Storms of Silence. Joe Simpson. The Mountaineers: Seattle, 1996. Color, and black-and-white photographs, 240 pages. $19.95.
Joe Simpson’s third book is an account of three expeditions: one to Gangchempo in the Langtang region of Nepal, where he retired early because of a damaged knee, a second to Cho Oyu in Tibet, which he left because of poor acclimatization, and a third—and successful—venture in the Cordillera Blanca of Peru.
One night in Tom and Jerry’s Bar in Kathmandu, after Gangchempo, Joe meets an English school teacher, Loma, chaperoning an unruly group of London kids. Lorna is intrigued to discover Joe is a writer, albeit one who squirms at the admission. The following day Lorna buys a copy of Joe’s classic Touching the Void and shows up at his hotel room, clutching a paperback edition, “a grim expression on her face and her eyes were moist and red.” With her is one of the worst of her scamps, Darren, who suggests Joe, who has been surprised with a towel around his waist, shag the lady. He chases off the kid and slams the door and listens to Loma’s tremulous reaction to Void: “What you went through, I mean, the pain, and the loneliness.” He fidgets while she sobs and then speaks of some private anguish. “I’m alone. I can’t tell anyone and I can’t cope with it. I don’t know what to do.” Meanwhile out in the hotel courtyard the kid is shouting up indecent suggestions. Joe rushes out the room in pursuit of the kid, ready to smash his face in, but the boy vanishes. Loma is dry-eyed upon his return, smoothes her hair, says she’s better now and leaves. Joe writes, “I was angry at my uncontrolled reaction to Darren’s infuriating behavior, and even more frustrated over my helpless inadequacy in the face of Loma’s despair. Why did some people expect me to have special psychological and emotional insights just because I’d had a bad time in the mountains?”
It is a question I pondered often while trudging through the remaining 250 pages of Storms of Silence. Simpson’s claim on us is precisely that he had a harrowing experience on Suila Grande, survived and wrote it up brilliantly. But the problem lies not with the “some people’s” expectation, and the authority granted him therein, but with Joe’s presumption in this book that he has an authorial entitlement to vast, sweeping and ill-expressed cogitations on a wide array of subjects— the Holocaust, China’s oppression of Tibet, the 1970 Peruvian quake that destroyed Yungay. And because it is these subjects, alas, that predominate the text, we have the unpleasant duty to examine Simpson’s thoughts, ruminations on these tragedies, and how he bears witness to them.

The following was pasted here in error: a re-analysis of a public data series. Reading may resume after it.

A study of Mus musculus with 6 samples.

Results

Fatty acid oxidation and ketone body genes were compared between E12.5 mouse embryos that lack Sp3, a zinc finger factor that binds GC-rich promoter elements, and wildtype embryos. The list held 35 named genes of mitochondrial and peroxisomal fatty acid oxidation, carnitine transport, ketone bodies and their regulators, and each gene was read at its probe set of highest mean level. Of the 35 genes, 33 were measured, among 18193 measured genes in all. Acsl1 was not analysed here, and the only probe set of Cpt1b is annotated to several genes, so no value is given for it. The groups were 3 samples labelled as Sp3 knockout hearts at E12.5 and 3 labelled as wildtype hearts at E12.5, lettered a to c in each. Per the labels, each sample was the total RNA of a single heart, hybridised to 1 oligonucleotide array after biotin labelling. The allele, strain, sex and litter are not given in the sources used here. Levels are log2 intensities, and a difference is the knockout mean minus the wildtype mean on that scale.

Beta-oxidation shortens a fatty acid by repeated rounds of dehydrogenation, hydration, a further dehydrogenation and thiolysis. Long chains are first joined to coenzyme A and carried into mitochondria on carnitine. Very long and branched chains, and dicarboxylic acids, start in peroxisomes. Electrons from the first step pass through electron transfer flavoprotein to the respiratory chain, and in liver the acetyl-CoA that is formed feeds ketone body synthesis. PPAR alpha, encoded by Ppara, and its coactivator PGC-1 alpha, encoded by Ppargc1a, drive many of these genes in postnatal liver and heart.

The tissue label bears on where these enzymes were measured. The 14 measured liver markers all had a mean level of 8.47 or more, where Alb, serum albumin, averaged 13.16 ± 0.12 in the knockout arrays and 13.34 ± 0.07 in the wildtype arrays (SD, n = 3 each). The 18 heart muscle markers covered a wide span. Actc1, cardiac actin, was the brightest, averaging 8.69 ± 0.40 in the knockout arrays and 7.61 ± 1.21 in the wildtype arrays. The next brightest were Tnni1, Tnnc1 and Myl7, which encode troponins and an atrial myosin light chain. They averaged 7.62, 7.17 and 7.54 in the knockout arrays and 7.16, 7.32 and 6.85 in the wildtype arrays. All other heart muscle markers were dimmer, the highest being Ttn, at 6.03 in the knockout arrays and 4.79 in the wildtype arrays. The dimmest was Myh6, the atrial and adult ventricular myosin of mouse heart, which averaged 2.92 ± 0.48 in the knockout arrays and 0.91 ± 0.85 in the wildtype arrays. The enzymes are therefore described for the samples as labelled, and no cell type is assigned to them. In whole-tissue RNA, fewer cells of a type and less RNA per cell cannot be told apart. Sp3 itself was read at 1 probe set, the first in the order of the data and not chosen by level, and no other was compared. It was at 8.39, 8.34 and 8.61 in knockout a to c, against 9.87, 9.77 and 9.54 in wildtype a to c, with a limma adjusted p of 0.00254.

Simpson writes as if these subjects were items on a restaurant menu, and shamelessly eases himself into the stream of other people’s history. For example, after walking around the cemetery at Yungay, where 80,000 died, he is “overwhelmed by the impermanence of things.” The “enormity of it stunned me, [and] reminded me of a time, nearly twenty years before, when I had been overwhelmed by the same numbing emotions” when he visited Bergen Belsen. Whereupon he segues without rope or belay into reflections on the Nazi’s massacre of Jews.
I suppose that Simpson must feel that his small parade of moral sentiments will make the world a better place, that the Tibetan cause is helped by his solipsistic exegesis of their suffering. Or perhaps the truth is that on those long tedious marches in the mountains, a body has to think of something, no? And so why not the Tibetan agony when Tibet lies only a few miles over a ridge on the walk in to Cho Oyu and your mind is blank and your chest has pains from high-altitude sickness?
Joe Simpson’s work has a resemblance to good primitive painting: he can do one thing very well. When finally on page 271 we start up the north ridge of Ranrapalca the prose is crisp, the action vivid. But outside the alpine environment he lacks narrative gift. (It’s that “I” that keeps getting in the way). It is often unclear what he hopes to accomplish with a scene, as at the Kathmandu hotel with Loma and the kid shouting outside. Does he have erotic feelings for the teacher? Why isn’t he curious to hear her story? These questions are not explored. Nor are the possibilities of farce developed.
On page 217 we discover the existence of a Sheffield live-in girl friend who has packed up and left while Simpson was attempting Cho Oyu. He finds her note and keys on the table.
“Ah, well, that’s seven years down the drain,” I said with feigned bravado.
“Look, I’m sorry it was like this, Joe,” says a friend.
“It’s okay. It’s not your fault, mate.” I re-read the letter and then crumpled it up. I tried to be angry but only succeeded in feeling sad and ashamed of myself. “I can’t blame her really. I was pretty stupid, I suppose.”
“Yeah, well maybe if…."
“No, it’s okay, don’t worry about it.” I stopped Tom from getting into embarrassing analysis. “I thought this might happen. I mean, not like this, but it was going that way. I just wish I could have been more honest about it and not hurt her so badly. I never wanted that to happen.”
That’s a sample of 1) Simpson’s tin ear for dialogue, and 2) his irritating emotional reticence, a counter-productive trait in an autobiographer. What’s more, like many of us, he is a poor observer and reporter of detail. The immediate scene around him (be it a bar or the expedition cook tent) comes to us fuzzy, filtered by lugubriousness. Even his closest friends are one-dimensional.
Though clearly likable and intelligent, the shy, uneasy Simpson lacks engagement, something he’ll have to develop if he is to continue learning the writer’s trade. In this book he was ill-served by his editor at Jonathan Cape, who should have leveled:
“Joe, about bleeding Tibet and the Holocaust, let’s just stuff it, eh?”